About the Ebook
Benton Jones is taking the art of glass fusion to new limits. Working and living in Brewster, MA, Benton has become an integral Cape Cod artist, upholding a century old Cape tradition.
“I make my living from sand. Glass is sand,” Benton explains, “This elemental connection with the Cape has compelled me and several generations of glass artists to make this peninsula our home.”
With 20 years of experience and degrees from Carnegie Mellon University, Ecoles Des Beaux-Arts, and the Johnson Atelier, Benton has developed a distinctive voice through his art.
“Each vase has a unique character because they are captured in motion. Starting with layers of glass perched on a mold, I then heat my kiln until a vessel takes shape. Through peepholes, I determine when the vase is complete. At that precise moment, the molten glass is ‘frozen’ by opening and cooling the kiln. The final piece is a living record of that instant in time.”
Features & Details
- Category Fine Art
- Version Fixed-layout ebook, 80 pgs
- Publish Date Jan 18, 2012
- Last Edit Jan 28, 2015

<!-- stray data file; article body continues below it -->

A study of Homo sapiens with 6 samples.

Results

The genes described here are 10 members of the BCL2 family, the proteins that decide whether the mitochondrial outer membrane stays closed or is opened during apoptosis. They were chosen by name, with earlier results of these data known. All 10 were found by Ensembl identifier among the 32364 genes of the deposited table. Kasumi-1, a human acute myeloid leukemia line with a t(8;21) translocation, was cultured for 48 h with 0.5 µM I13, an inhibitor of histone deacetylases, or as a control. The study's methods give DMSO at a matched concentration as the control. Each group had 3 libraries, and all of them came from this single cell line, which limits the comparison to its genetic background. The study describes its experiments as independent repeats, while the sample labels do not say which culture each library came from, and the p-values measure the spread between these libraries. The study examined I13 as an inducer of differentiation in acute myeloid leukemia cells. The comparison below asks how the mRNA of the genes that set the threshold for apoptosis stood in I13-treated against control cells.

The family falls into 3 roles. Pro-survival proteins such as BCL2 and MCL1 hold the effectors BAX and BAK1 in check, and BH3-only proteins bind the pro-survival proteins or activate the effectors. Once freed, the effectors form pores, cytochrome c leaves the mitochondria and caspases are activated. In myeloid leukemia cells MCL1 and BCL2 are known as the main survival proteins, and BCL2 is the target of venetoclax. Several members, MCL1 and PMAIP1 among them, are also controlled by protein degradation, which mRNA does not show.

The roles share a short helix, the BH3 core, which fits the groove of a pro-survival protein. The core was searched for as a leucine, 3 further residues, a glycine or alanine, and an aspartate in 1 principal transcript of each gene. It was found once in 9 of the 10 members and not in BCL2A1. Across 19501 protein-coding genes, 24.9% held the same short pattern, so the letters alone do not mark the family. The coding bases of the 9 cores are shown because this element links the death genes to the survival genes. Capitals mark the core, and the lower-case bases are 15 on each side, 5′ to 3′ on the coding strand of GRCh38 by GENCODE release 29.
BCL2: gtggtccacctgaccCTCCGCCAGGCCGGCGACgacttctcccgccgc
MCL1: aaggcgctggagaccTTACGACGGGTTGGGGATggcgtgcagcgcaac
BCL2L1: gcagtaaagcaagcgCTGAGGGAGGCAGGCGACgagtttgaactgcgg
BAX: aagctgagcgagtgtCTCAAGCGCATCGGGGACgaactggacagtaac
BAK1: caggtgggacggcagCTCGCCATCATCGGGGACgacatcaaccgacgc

- Language English
- Tags Exhibit, Abstract, Modern, Contemporary, Design, Kiln-formed, Glass, Sculpture, Art, Gallery, Artist, Fused, Brewster, Benton, Jones, Kiln Cast, Studio Movement, Glass Art, Kiln Formed, Cape Cod
Benton Jones has committed himself to relentless sculptural experimentation and strives to impart layered meaning into each object he creates. Often combining materials with contrasting properties, like molten glass and non-ferrous metals, Jones captures liquid sculpture in mid-motion by precisely choreographed cooling in his kilns. The search for commonality within disparity, both in subject matter and media choice, is a recurring theme in Jones’ work. He has transformed century old Sandwich Glass remnants into contemporary drop-ring vessels, made a series of work entitled Oceanic Experience from the glass walls of the old Provincetown Aquarium, and, in a collection of ice-like glass sculpture entitled Melting Hemispheres, Jones captured the attention of the New England Cable Network, when he reshaped glass flotation spheres previously in use by the Woods Hole Oceanographic Institution for climate change research, in an effort to draw attention to the issue.